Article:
Wild Ones Natural Landscapers, Ltd., introduces a professionally-designed, native garden plan free for the public to use specific to the ecoregion of Chattanooga. The design was created with the premise that using native plants in landscaping can be beautiful, promote wildlife, and be achievable for gardeners of all skillsets in terms of scope and budget, said officials. Additionally, the garden design allows gardeners to take an incremental approach in developing their plan, adding new areas and native plant species as time and funds permit.
Landscape architect Caleb Melchior created the Chattanooga design and said, “After working in Chattanooga for several years, I was excited to have the opportunity to design gardens that demonstrate how homeowners can use native plants in a residential garden. The Appalachian flora is unique—colorful and adaptable. I'm excited to see Chattanoogans continue to build biodiversity and delight in their residential gardens.”
Wild Ones Honorary Director Doug Tallamy, author of “Nature’s Best Hope”, shares that one of the big mistakes in our approach to conservation is the idea that “nature” is something set aside in preserves and parks, something separate from our daily lives that we go to visit. He stresses that “we can no longer leave conservation to the conservationists.” Native plant gardens in our own backyards are our best hope for saving our environment.
The Chattanooga design is a part of a larger Wild Ones initiative to create beautiful, native garden plans in a variety of ecoregions that are free for the public to use so that those new to native landscaping especially have the tools and knowledge they need to get started. The project includes a total of eight designs in the ecoregions of Boston, Chattanooga, Chicago, Milwaukee, Minneapolis, St. Louis, Tallahassee and Toledo. The designs can be downloaded from Wild Ones’ newly launched nativegardendesigns.wildones.org website.
Each garden design includes a variety of beautiful, region-specific native plants which can be downloaded and easily printed for quick reference while selecting plants at a local nursery. The nativegardendesigns.wildones.org website also features a list of nationwide nurseries that are sources for obtaining native plants.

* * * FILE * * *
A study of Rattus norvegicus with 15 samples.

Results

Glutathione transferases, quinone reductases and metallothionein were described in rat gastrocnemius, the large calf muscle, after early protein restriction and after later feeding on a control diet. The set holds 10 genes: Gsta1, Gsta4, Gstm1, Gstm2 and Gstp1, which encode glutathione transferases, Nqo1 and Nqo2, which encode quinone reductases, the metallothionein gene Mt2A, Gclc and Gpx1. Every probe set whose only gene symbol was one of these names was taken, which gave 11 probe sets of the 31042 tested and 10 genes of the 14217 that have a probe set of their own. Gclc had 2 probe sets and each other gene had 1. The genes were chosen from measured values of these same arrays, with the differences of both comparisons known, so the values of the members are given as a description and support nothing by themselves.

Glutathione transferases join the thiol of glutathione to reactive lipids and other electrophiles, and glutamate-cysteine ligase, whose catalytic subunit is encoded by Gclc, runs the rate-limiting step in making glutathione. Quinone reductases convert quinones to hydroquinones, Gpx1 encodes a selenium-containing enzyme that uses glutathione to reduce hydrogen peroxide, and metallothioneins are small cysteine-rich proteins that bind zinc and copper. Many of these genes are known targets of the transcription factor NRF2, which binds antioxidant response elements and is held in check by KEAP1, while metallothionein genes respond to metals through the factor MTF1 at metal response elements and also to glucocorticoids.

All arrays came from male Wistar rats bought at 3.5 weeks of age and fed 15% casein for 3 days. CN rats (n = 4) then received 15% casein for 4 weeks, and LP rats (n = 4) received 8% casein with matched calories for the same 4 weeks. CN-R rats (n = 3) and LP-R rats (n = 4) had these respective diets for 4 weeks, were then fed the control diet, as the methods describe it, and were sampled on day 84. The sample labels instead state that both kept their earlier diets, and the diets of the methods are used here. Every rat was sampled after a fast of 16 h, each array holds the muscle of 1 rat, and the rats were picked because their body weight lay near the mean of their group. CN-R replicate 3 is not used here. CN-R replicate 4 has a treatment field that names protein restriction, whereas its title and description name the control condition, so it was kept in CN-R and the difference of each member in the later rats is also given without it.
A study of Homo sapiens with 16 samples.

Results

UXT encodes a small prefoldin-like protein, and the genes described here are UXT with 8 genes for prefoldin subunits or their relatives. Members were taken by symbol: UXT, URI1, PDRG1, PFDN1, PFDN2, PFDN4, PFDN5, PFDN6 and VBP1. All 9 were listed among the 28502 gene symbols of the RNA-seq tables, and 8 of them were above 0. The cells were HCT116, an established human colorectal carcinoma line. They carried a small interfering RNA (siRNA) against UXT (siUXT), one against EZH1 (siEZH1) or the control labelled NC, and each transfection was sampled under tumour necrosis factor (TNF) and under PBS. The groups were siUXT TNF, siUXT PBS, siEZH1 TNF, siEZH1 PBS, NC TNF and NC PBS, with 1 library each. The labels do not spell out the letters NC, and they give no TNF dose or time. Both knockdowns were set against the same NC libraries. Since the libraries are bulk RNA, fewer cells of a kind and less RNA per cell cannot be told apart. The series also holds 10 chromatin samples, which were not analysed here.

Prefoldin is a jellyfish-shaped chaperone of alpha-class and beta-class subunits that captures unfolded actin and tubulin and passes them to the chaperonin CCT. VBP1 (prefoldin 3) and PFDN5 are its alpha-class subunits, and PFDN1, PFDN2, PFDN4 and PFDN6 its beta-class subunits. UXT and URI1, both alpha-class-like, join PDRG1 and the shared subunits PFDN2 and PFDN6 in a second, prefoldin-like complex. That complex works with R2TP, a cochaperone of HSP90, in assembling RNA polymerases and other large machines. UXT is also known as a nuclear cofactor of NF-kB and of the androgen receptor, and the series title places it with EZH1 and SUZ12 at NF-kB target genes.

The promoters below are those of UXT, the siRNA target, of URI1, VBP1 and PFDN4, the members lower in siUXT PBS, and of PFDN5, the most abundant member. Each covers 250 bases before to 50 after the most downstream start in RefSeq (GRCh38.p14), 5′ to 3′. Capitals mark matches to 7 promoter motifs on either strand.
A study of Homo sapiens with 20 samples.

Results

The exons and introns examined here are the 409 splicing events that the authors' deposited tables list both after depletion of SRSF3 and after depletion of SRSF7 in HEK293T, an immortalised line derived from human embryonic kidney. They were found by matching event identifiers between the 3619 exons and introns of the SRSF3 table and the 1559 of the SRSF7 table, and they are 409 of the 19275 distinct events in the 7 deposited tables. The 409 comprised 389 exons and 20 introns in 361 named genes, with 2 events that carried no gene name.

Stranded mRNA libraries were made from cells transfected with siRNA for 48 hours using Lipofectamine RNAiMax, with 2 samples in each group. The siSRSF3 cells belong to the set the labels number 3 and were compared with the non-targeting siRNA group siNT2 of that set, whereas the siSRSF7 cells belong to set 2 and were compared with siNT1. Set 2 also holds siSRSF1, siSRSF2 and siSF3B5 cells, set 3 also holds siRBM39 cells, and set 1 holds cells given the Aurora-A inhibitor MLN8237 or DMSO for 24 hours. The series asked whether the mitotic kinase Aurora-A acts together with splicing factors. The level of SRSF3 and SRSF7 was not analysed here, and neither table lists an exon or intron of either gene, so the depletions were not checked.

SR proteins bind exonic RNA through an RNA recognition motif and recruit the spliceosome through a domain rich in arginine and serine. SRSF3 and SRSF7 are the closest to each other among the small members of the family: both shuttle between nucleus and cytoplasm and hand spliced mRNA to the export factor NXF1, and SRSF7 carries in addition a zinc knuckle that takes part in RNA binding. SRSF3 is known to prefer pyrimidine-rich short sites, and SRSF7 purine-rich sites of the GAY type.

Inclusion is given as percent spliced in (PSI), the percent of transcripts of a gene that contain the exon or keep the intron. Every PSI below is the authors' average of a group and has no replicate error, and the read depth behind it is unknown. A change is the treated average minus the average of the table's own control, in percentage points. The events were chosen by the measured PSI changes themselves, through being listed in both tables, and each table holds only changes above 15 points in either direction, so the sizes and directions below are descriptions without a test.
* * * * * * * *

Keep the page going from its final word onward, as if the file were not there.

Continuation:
In addition to the native garden designs, Wild Ones also published a “Native Garden Design Guide” both in print and in digital format full of useful planting information to help first time native gardeners in any region of the country get started.
The garden designs, nativegardendesigns.wildones.org website and the Native Garden Design guide were supported by a grant from the Stanley Smith Horticultural Trust.
Wild Ones Executive Director Jen Ainsworth said, “We hope these resources inspire, encourage and motivate individuals throughout the United States in their native garden journeys. Native gardening not only provides beauty and respite in our personal spaces but is a critical part of restoring natural landscapes and wildlife habitats.”
In 1977, the first seeds were sown for Wild Ones, which today is a nationally-recognized, membership-based non-profit organization with a mission to promote environmentally sound landscaping practices to preserve biodiversity through the preservation, restoration and establishment of native plant communities.
Wild Ones achieves its mission by providing quality, online learning opportunities open to the public that feature experts in the native plant movement, producing free, region-specific, native garden design templates to help people start their first native garden, awarding “Lorrie Otto Seeds for Education” grants that engage youth in planning, planting and caring for educational natural landscapes, publishing a quarterly, award-winning journal featuring valuable native plant information and resources and supporting the grassroots efforts of 60 nationwide Wild Ones chapters representing over 4,000 members in 20 states.
Chattanooga hosts the Wild Ones Tennessee Valley Chapter that includes members from Tennessee as well as Alabama, Georgia and North Carolina. Tennessee has two additional chapters as well: Wild Ones Middle Tennessee Chapter and Wild Ones Smoky Mountains Chapter. Joining a chapter can prove invaluable on your native garden journey.
Wild Ones does not receive funding from the government. It depends on membership fees, donations and gifts from individuals to help save the earth, one yard at a time.
For more information or to get involved, please visit the Wild Ones website at wildones.org or find it on Facebook, Instagram, YouTube and Twitter at @wildonesnative and @wildonesnativeplants.